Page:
Local authorities should have more say in managing COVID challenges

We’ve been living with the coronavirus pandemic for about five months now in east Linn County and it’s been an experience.
Particularly in our schools.
Educators have been jerked this way and that by constantly changing directives from Salem as they’ve tried to figure out new ways to educate students on the fly.
Students have learned hard lessons about the unpredictability of life – and how “fun” Zoom can be.
Athletes and coaches have been bombarded with conflicting dictates from the Oregon School Activities Association, which itself is simply trying to respond positively to dictates from state political and health authorities.
And, in the midst of all of this, well, not a lot of people have gotten sick, thankfully.
As of mid-month, the Lebanon area had 78 reported cases, or 26.3 per 10,000 people, though the community has taken a bigger hit in fatalities than the rest of the county, due to the fact that the virus first struck at the Oregon Veterans Home, resulting in eight deaths.
Staying home, standing aloof and wearing masks works, apparently. Many of us haven’t even come down with a cold since last March.
The fact that the numbers haven’t been high has resulted in a lot of chatter, especially in social media, questioning the wisdom of forcing the shutdown of “non-essential” businesses, schools, churches, social events, dinners, club activities, concerts, graduations, white coat ceremonies, etc., etc. That’s caused folks to compare Oregon’s experience to other states where the restrictions have been less stringent.
Hindsight on this one may never be 20/20, because there are so many variables – the very ones that make it difficult now to gauge the wisdom of actions enforced by Gov. Brown and the Oregon Health Authority, the latter an agency which most people were probably only vaguely aware of, if at all, before this pandemic.
There has certainly been a lot of uncertainty, confusion and frustration. Obviously, a lot of what’s happened has stemmed from fear. None of us wants to get this bug, which was portrayed in early news reports as a ravaging, contagious, fiendish sickness. And it certainly has been, for some victims. But again, the numbers have not high, at least locally, while the economic and social devastation has mounted.
There has to be a point where our state’s leaders cede more of a role in battling this threat to local authorities.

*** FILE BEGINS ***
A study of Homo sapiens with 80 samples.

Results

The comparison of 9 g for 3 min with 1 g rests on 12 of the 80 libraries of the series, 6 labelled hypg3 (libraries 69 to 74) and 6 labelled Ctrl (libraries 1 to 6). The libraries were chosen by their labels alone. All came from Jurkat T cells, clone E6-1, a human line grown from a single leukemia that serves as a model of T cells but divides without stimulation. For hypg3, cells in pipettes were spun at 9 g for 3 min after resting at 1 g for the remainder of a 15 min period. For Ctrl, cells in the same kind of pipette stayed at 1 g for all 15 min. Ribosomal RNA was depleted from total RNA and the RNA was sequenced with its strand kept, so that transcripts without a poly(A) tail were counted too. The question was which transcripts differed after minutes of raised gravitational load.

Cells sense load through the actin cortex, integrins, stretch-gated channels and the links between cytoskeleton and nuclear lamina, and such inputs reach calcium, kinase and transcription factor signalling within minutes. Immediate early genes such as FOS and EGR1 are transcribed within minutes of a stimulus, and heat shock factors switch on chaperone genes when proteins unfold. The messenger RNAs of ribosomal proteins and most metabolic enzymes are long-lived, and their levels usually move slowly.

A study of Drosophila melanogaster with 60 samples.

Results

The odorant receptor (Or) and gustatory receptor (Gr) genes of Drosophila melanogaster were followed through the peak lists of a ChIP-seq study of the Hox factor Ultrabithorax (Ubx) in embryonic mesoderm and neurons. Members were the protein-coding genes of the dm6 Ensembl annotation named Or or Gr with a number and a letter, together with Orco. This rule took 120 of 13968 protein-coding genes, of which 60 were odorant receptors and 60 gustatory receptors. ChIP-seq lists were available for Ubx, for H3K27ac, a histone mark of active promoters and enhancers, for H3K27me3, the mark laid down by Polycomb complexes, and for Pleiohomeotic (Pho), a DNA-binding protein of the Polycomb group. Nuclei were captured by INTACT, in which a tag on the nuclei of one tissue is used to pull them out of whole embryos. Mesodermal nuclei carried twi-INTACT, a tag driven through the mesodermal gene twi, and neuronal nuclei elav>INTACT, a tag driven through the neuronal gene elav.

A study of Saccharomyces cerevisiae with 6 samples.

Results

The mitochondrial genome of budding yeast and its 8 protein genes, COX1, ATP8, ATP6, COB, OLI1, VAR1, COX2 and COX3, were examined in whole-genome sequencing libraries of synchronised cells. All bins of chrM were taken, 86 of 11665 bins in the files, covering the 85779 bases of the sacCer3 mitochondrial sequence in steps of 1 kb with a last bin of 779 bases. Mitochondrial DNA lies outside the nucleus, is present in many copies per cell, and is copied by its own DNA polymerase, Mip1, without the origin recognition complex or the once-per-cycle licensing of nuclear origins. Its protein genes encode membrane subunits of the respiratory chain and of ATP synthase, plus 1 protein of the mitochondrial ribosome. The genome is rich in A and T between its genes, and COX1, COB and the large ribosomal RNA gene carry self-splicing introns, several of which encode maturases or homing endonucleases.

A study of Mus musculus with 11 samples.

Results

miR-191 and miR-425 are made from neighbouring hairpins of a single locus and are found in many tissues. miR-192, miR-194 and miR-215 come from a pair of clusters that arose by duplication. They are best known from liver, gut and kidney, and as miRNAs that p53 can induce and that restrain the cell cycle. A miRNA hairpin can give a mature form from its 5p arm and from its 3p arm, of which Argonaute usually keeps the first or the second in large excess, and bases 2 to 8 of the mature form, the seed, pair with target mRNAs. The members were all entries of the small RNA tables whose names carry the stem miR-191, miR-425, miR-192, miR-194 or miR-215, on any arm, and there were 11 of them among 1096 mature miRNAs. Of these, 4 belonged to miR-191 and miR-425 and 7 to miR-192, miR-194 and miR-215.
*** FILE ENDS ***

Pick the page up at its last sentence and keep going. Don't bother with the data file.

We certainly appreciate the concern shown by the Linn County Board of Commissioners, who earlier this month declared a state of emergency and committed $1 million in federal aid funds to finding ways to bolster activities and socialization opportunities for children (page 5).
It’s a difficult situation, certainly.
While school administrators, such as Lebanon Supt. Bo Yates, are justifiably concerned about maintaining the health of teachers and staff members, the state’s modus operandi of simply shutting down brick-and-mortar classroom experiences to students fourth grade and up, presents a lot of difficulties, especially for kids who do not have qualified and engaged parents to help them get the job done.
The latest state rules, outlined in our report on page 1, do reflect an recognization that younger children are less impacted, as a whole, by COVID-19, which is why they’re being allowed – if things don’t change – back into the classrooms. The most recent U.S. Center for Disease Control numbers for the period of Feb. 1 through Aug. 8 indicate that, for children 0-4 years of age, there were a total of 26 deaths in the United States. For those 4 through 18, the number was 56 nationwide.
Of course, as we age we become more susceptible to COVID, hence the concern for the welfare of older people on school campuses. For the age range of 19-44, which would include younger teachers, there were 4,268 victims, nationally, recorded by CDC. For 45-65, the older staff and faculty members, the national death toll climbs to 26,269 – definitely more serious.
But it would seem to make sense to put kids in classrooms with teachers or instructional assistants who are in lower risk categories, who are being protected – along with the students. Why couldn’t teachers who feel they are at risk interact via video from outside the classroom with students who are in class with instructional assistants to handle class discipline and learning assistance needs?
Students would get quality instruction and help that parents are often not equipped to provide, and children would be in scheduled situations that are healthier than sleeping in and lounging on the couch.
None of this is going to be perfect, because life isn’t perfect, but if the state could find ways to provide more flexiblity to local authorities, it certainly seems possible to find creative ways to fulfill the ultimate goal here: keeping kids (and the rest of us) healthy.